Mathematician proposes another way of divvying up the US House Nature. While gerrymandering is a proud US tradition, mathematician Paul Edelman argues that current districting is so far out of line with the “one person, one vote” standard as to invite lawsuits.
Bank May Buy Troubled Giant in Home Loans. New York Times. There’s plenty of chatter about the pending acquisition of Countrywide by Bank of America. Why would anyone with an operating brain cell want to take on a liability like this in a deteriorating banking market? While BofA isn’t taking the capital markets hits that banks like Citigroup are, it does have a big credit card business which will soon show signs of stress. A bank’s equity base is its most important commodity in a down cycle, and throwing away $4 billion plus God only knows how much in litigation costs to acquire Countrywide will come to be seen as a bad move. Note that the Financial Times coverage says BofA is trying to structure a deal to leave the legal risk behind. I’d be curious as to how they can possibly achieve that. They’d need to leave a legal entity and some assets behind (or put Countrywide in bankruptcy and then acquire assets out of the BK, but I thought the point of this exercise was to avoid bankruptcy).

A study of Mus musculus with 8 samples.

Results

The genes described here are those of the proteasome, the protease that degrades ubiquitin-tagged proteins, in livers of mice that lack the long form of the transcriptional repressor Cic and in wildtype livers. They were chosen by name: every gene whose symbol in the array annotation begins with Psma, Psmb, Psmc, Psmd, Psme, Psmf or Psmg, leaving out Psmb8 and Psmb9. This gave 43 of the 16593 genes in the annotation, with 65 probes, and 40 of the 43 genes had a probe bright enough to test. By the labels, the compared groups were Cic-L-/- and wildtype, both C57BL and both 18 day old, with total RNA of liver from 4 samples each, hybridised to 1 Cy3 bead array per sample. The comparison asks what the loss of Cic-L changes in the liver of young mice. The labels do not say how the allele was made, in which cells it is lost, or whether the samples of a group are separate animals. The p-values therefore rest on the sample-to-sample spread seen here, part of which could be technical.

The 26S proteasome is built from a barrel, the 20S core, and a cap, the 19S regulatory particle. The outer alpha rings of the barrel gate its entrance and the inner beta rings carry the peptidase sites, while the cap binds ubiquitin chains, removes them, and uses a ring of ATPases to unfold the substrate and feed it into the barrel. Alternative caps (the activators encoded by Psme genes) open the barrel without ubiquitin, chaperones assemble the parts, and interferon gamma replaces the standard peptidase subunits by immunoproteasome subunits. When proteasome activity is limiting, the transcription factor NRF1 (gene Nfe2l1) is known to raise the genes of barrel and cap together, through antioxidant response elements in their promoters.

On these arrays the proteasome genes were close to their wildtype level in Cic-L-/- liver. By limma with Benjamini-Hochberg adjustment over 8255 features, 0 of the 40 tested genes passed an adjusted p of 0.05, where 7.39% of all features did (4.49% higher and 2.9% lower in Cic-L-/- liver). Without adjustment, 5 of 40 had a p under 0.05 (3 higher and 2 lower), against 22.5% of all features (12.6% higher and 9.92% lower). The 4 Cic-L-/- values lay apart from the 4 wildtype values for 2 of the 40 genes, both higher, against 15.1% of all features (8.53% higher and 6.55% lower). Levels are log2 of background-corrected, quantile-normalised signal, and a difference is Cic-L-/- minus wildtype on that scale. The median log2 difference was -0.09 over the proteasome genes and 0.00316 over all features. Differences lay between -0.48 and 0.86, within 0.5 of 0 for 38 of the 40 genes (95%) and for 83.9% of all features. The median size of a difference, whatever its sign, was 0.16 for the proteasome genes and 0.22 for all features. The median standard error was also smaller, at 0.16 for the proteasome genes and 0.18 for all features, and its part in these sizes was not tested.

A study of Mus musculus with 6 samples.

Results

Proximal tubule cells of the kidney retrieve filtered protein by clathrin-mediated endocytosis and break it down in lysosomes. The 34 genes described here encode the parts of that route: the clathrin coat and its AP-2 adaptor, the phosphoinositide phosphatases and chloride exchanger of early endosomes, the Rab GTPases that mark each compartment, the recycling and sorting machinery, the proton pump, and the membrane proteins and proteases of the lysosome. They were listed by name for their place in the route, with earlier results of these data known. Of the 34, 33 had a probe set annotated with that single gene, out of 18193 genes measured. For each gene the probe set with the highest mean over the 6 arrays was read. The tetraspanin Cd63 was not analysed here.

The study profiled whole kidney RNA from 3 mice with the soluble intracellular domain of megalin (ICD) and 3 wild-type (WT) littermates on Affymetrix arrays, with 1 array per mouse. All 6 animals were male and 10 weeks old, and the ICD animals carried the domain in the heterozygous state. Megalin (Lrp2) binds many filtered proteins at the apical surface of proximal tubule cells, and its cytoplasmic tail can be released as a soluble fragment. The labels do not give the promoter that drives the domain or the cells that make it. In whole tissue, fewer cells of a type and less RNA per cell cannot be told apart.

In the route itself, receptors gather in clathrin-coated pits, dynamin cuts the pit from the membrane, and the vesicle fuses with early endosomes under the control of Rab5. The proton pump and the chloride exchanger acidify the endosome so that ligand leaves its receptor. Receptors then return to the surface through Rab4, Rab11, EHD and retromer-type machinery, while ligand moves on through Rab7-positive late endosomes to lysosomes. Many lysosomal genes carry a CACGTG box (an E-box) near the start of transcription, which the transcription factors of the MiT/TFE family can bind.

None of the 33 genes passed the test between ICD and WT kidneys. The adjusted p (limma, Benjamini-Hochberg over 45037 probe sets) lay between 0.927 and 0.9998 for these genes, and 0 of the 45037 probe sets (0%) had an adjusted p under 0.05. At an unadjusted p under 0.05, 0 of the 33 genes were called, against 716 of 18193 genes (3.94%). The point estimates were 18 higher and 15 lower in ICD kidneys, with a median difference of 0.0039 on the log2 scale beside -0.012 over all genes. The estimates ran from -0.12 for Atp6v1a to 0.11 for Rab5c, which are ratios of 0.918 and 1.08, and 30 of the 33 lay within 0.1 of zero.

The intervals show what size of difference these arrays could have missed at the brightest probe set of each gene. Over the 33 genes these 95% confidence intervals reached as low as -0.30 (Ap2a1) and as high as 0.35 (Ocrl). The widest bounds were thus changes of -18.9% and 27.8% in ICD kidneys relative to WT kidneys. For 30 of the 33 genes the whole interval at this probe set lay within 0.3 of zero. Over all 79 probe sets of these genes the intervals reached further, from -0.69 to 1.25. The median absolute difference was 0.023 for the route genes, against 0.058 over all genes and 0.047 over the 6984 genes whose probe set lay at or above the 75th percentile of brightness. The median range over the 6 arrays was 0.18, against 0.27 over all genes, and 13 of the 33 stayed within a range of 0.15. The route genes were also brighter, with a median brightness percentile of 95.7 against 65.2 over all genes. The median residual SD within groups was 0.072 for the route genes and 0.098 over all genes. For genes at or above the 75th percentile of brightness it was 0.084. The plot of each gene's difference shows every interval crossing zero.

Why sterling is the next dollar Martin Wolf, Financial Times. Expect the pound to continue to fall.
Moody’s says spending threatens US rating Financial Times. Oof, if this isn’t politically influenced, I don’t know what is. Moody’s says the US risks a downgrade on its debt rating unless it does something about its “social security and healthcare” spending.
First, everyone who has looked at the data says Social Security is not the problem. And even if it gets worse, some very minor fixes (raising the ceiling on payroll tax liability) will take care of it. The big problem is Medicare, and that in turn results not from demographic change, but from out of control health care costs. In other words, the answer is health care reform, not cutting entitlements. But you’d believe the reverse if you read Moody’s.
And why does the report not mention the fiscal sinkhole called Iraq?
China imposes price freeze to curb inflation Asia Times. Mind you, these are additional price controls.
Credit Card Debt Soars, No One Notices Dean Baker. Scary stuff. Retail sales growth appears to be the result of spending future earnings. Senator Lloyd Bentsen once said, “It’s easy enough to create the illusion of prosperity. All you have to do is write hot checks for $200 billion a year.” He was referring to deficit spending, but even though the numbers are now bigger, the same principle applies.
Everybody Knows… Cassandra Does Tokyo. This seemed fitting today.
The Comeback Continent Paul Krugman, New York Times. Claims that Europe has an underperforming economy are incorrect.